Take on Nature: Don't need a weatherman
WHOEVER came up with the name for the final storm to hit Ireland in 2017 must have been a journalist at some stage.
Calling it Dylan opened up a whole catalogue of weather-themed song titles that lent themselves to newspaper headlines – A Hard Rain's Gonna Fall, Blowin' in the Wind, Rainy Day Women and Idiot Wind – although storm Dylan never got strong enough to become a Hurricane.
My all time favourite Bob Dylan song doesn't really lend itself to a weather-type pun, but hey, when you're on a roll.
So anyway, there I was on Saturday night keeping an eye on the old gnarled branch swinging wildly, close to the roof of my house in the high winds of Storm Dylan.
Oh no, I thought, it is… Going, Going Gone, as with a snap it cracked in two and crashed – thankfully away from the roof – onto the ground.
The next day, New Year's Eve, I was expecting wide scale damage as I set off on a long-planned walk through a forest in Co Cavan.
Dún na Rí, translates literally from Irish as Fort of the King has been Anglicised to give the nearby town its name, Kingscourt.
Set along the banks of the River Cabra it was formerly part of the Cabra Estate and is a mixed woodland of not-too-challenging walks, including accessible trails for wheelchair users.
Despite the high winds brought by storm Dylan there were only a few broken branches among the denuded oak and ash and still-green firs.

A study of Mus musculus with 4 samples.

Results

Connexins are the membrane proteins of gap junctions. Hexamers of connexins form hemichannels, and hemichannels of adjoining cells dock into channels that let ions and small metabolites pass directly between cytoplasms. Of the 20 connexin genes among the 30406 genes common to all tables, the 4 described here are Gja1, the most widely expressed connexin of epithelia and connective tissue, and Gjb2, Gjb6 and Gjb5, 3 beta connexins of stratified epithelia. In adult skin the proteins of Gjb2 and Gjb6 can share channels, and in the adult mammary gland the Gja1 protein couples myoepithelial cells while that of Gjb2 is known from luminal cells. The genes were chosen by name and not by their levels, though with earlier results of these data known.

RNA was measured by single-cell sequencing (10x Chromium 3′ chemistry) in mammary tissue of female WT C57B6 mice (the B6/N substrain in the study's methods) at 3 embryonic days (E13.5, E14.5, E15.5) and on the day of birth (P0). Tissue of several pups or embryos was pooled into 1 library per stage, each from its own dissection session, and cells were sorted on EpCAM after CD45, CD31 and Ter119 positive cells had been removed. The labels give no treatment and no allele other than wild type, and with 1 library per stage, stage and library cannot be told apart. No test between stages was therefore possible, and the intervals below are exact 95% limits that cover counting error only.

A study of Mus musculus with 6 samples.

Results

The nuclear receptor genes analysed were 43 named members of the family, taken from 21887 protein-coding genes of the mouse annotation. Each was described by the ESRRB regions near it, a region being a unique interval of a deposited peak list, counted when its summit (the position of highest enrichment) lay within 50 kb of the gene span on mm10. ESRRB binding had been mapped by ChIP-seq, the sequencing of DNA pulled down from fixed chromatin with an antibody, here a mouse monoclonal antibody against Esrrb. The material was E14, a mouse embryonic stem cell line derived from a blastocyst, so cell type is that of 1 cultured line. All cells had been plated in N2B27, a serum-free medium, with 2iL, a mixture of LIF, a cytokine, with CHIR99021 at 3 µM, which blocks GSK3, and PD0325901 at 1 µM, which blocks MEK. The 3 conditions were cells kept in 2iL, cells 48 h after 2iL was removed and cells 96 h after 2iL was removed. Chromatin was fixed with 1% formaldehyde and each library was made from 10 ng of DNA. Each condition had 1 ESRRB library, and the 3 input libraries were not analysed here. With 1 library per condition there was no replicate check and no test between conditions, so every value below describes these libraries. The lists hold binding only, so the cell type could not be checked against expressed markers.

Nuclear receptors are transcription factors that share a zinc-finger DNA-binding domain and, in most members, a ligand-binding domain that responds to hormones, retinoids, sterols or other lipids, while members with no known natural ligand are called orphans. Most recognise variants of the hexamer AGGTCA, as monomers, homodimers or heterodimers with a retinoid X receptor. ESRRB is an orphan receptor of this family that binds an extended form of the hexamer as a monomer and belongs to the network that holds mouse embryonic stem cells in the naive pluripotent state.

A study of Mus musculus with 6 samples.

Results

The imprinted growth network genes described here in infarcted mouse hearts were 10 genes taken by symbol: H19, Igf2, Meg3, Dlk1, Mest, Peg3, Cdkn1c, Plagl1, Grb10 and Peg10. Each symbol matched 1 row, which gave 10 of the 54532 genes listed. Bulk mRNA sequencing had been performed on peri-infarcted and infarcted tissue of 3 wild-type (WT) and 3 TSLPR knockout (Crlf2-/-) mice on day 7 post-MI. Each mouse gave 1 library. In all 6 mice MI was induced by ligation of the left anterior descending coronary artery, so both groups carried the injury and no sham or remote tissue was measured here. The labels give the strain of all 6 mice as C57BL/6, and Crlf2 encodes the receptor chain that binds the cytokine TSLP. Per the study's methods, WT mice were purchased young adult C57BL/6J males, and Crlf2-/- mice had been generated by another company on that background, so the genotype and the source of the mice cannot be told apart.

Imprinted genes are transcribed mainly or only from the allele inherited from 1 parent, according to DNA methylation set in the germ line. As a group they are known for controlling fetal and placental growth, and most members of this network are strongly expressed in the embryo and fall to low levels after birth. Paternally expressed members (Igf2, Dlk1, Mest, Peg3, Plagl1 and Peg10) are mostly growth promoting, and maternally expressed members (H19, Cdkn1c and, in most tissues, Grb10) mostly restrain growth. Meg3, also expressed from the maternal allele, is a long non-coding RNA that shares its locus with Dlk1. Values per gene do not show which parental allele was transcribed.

The river defines the landscape and gives it an other worldly setting, with tumbling waterfalls, swirling pools and and surging torrents. There are log benches along the trail where you can sit and watch the river flow.
According to legend Cuchulain spend a night here during his single-handed battle against the armies of Queen Mebh.
Four walks of varying lengths wend their way through Dún na Rí, criss-crossing one another, with lots of opportunities to throw convention to the wind and just give yourself up to a simple twist of fate and let trails take you where they will.
Dozens of bridges, some hundreds of years old, span the river, stone humped arches, and the remains of an icehouse and a holy well peak through the shrubbery.
Given the time of year, there wasn't that much wildlife on display apart from crawing crows, flitting blackbirds and curious robins.
At one of the highest parts of the forest park is an open grassy glen with a lake at its centre, with ducks and, not seen by me unfortunately, moorhens.
During the warmer weather the forest floor and open areas are carpeted with wildflowers – snowdrops, bluebells, wood anemone, woodrush, foxgloves, wood sorrel and ferns.
According to a display board in the park there are otters in the river and the forest is home to our native red squirrel, and the invader grey, stoats, foxes, badgers, hedgehog, hares and pygmy shrews.
Dún na Rí, is run by the Republic's forestry service Coillte and if you are arriving by car there is a barrier at the entrance: you will need €5 – in coins – to open it.
It used to be free, but the times they are a changin'.